December 16th, 2005

photowhore

a flooded house in Thistle, UT

In the three years that I've been travelling the U.S. in a futile attempt to cure my insatiable wanderlust, I've taken several opportunities to explore western ghost towns. In the past, however, I've always sought them out purposely. While travelling U.S. 89 in central Utah earlier this week, I encountered one quite by chance; one with an interesting and infamous history.

Thistle served as a junction for many things in the course of history. Geographically, Thistle Creek and Soldier Creek converge to form the Spanish Fork River, creating a natural river valley around the western side of Solider Summit. In the late 19th century, the town of Thistle sprung to life with the junction of two lines of the Denver & Rio Grande railroad, boasting as many as 600 residents in the early 20th century.



With the introduction of the automobile and the decline of rail service, the town's population dwindled throughout the rest of the century to a population of around 50. Thistle served as a primary junction of two major U.S. Highways - U.S. 6 and U.S. 89. At one time, U.S. 50 also ran through here before being re-routed a couple hundred miles to the south. In the spring of 1983, at the onset of the '82-84 El Nino, a major landslide broke loose from the side of Soldier Summit, burying the town and obliterating the railroad and highways. The resulting natural dam created what is now Thistle Lake and necessitated the re-routing and the railroad through Soldier Summit in tunnels and the highways through a new pass on the eastern side of the mountain. The following satellite photo gives a top-down view of the area. The area just south of "THISTLE" is where the waterways, highways, and railways all met prior to the landslide.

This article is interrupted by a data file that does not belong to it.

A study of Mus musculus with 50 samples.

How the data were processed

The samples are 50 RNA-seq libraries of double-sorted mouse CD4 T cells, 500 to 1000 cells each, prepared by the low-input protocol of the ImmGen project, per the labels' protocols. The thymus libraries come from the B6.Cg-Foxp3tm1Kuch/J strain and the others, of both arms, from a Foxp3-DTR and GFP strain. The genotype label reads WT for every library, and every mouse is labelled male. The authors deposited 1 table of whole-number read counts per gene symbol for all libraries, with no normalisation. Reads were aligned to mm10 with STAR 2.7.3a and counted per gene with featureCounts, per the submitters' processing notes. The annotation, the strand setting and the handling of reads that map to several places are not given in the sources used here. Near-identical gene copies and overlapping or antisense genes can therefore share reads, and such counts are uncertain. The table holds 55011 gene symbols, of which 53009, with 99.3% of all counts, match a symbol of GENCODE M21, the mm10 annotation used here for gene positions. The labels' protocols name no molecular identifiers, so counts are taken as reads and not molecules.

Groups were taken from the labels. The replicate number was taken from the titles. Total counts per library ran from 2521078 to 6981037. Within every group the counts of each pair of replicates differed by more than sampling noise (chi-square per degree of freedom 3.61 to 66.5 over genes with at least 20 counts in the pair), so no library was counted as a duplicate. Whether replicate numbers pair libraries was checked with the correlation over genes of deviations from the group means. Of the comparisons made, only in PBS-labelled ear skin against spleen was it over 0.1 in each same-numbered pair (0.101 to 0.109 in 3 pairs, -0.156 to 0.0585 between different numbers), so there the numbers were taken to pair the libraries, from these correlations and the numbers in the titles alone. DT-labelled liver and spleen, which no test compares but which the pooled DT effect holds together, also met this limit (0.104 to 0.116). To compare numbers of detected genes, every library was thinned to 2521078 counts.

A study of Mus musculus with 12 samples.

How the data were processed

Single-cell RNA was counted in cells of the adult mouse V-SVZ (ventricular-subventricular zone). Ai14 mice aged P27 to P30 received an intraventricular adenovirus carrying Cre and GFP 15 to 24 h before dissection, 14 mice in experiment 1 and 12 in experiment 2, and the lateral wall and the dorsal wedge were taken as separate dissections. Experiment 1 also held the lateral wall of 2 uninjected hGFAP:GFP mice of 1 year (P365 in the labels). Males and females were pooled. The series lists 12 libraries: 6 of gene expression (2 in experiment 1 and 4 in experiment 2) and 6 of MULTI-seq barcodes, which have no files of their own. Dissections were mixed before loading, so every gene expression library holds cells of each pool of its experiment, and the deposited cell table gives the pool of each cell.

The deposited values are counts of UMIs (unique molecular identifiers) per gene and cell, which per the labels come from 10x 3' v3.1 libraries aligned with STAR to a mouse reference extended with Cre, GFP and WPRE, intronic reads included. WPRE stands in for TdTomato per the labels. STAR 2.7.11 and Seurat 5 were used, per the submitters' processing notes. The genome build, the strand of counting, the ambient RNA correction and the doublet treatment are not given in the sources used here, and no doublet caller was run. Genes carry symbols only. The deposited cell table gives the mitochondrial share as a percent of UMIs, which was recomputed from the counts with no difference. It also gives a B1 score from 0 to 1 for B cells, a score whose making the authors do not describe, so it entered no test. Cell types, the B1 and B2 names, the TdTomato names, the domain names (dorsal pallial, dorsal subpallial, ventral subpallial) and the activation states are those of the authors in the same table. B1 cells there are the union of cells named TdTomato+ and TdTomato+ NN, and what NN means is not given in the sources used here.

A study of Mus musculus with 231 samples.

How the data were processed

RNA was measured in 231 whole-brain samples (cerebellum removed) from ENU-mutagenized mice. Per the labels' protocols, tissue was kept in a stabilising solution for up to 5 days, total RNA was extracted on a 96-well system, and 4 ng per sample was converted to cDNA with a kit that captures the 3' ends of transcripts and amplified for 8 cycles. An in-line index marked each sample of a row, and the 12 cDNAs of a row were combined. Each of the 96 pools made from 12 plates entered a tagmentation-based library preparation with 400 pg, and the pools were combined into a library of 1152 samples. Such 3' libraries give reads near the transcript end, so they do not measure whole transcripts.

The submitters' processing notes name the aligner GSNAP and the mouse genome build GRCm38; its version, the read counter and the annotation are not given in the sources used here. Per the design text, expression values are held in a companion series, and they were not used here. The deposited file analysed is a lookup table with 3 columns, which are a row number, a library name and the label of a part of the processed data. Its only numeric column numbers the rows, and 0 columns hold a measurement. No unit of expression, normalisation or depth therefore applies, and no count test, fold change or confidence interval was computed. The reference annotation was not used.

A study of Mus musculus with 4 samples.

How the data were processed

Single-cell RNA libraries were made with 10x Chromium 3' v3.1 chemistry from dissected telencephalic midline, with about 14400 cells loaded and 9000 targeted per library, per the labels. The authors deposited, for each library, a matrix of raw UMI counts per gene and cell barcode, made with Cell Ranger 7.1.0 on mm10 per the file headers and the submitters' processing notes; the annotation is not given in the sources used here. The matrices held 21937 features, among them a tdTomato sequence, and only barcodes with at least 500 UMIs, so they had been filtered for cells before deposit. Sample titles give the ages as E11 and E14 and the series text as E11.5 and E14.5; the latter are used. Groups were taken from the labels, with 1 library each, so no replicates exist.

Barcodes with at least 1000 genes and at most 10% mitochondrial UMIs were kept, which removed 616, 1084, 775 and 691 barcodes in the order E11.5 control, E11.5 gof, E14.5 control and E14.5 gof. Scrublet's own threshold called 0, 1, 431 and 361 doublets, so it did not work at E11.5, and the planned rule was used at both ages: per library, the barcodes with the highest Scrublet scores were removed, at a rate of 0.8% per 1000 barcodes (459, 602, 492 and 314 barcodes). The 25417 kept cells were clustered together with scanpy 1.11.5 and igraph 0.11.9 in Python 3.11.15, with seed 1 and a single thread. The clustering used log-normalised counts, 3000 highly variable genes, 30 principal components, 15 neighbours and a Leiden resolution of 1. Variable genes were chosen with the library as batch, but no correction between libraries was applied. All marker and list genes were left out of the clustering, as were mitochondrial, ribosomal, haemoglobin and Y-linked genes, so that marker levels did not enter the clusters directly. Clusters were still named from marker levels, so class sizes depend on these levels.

Scroll around the area yourself at Google


The landslide was devastating. It was the first presidential declaration of natural disaster for the state of Utah. While it was slow and deliberate, resulting in no loss of human life, it was costly. To this day, it remains the most costly landslide in U.S. history, totalling nearly 400 million dollars in damage, reconstruction, and lost revenue. Adjusted for inflation, that would be a modern-day price tag of $764 million.





Of course, I didn't know all of this prior to taking the following photos. I just saw some cool, old buildings by the side of U.S. 89 as I was on my way to Mt. Pleasant, UT. I made my delivery and on the return trip, decided to do some exploring armed with my trusty camera.